NEWS & EVENTS
CEAD applies ECHO’s technology and hub-and-spoke system.
When Jessica Zwerling, MD, Director of the Montefiore Hudson Valley Center of Excellence for Alzheimer’s Disease (CEAD), heard about Project ECHO(Extension of Community Healthcare Outcomes) it was a natural fit for CEAD’s mission. “One the the goals of the State Department of Health in providing funding for CEADs is to offer training and consultation services to physicians and other clinicians who care for people with Alzheimer’s disease and related dementias,” said Dr. Zwerling. “Project ECHO gives us the structure to use technology to share our expertise so partners in remote areas or those without specialized training can serve patients and families with this disease.”
Project ECHO, described in the April 2018 MHVC Newsletter, is a “hub-and-spoke” system that uses videoconferencing to enable board-certified specialists in a central location — “a hub” — to provide their expertise to community clinicians — the “spokes”– who are not specially trained. It is different from telemedicine because it builds capacity for clinicians at the spoke sites to manage their complex cases themselves, unlike traditional telemedicine, in which the specialist directly manages the patient remotely.
“We are funded by the state and tasked with increasing Alzheimer’s diagnoses and screening in the MHVC region. To facilitate that, we want to link providers to best practices and make sure that they have access to expert consultations so they can provide state-of-the-art care,” said Steven Matthews, Project Manager for CEAD and Director of Grants Management and Communications for the Montefiore Care Management organization. “With Project ECHO, we can remotely help primary care providers (PCPs) properly diagnose difficult cases and prepare appropriate care plans. And they can get CME credits when they participate in ECHO calls.”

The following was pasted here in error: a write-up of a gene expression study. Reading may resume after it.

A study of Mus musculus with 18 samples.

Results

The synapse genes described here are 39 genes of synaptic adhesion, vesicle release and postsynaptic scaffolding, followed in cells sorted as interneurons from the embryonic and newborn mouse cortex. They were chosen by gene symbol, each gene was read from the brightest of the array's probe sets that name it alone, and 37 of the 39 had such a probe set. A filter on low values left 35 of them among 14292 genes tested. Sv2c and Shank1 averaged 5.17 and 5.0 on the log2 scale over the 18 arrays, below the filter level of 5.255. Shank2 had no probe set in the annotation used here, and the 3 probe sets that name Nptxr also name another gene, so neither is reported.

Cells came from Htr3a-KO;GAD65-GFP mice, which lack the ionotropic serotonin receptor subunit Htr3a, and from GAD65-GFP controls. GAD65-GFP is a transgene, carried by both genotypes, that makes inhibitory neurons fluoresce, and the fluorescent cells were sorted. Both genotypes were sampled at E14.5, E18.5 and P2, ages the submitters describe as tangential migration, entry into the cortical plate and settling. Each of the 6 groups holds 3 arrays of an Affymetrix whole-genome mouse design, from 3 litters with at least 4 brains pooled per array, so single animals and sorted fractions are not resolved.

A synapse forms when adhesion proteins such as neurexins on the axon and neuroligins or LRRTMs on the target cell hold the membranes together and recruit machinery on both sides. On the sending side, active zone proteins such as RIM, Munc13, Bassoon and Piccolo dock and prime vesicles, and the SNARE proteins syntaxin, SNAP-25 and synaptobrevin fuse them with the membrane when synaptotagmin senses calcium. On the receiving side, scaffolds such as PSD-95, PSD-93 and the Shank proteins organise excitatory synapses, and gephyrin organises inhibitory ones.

The Center for the Aging Brain is the “hub” for the CEAD Project ECHO model, with the CAB’s interdisciplinary team of neurologists, geriatricians, neuropsychologists and a geriatric psychiatrist available to participants at 22 spoke sites. The project will launch on October 9th, with sessions every second Tuesday of successive months from 8-9 AM. Two weeks prior to each session, providers will fill out a form describing what services they need for each case and what the challenges are. The site leader will present the case to team for discussion. “The goal is to rotate through all of the sites for the call-in so everyone has a chance to present to us,” said Dr. Zwerling. “Once we have a traditional format we will provide the sites with evidence-based literature to enhance their continued learning.
“We expect cases to range from the worried well (whether they are at risk for the disease) to atypical presentations of dementia; and from the oldest to young onset. We have a lot of patients with co-morbid risk factors that allow us to work closely with PCPs to optimize control of vascular risk factors, and also include community-based resources in our recommendations,” said Dr. Zwerling. “We can also advise providers about state of the art clinical trials.”
CEAD is funded through March 2021, and will continue with Project ECHO for the duration of CEAD. For information on how to join Project ECHO, contact Erka Amursi, firstname.lastname@example.org.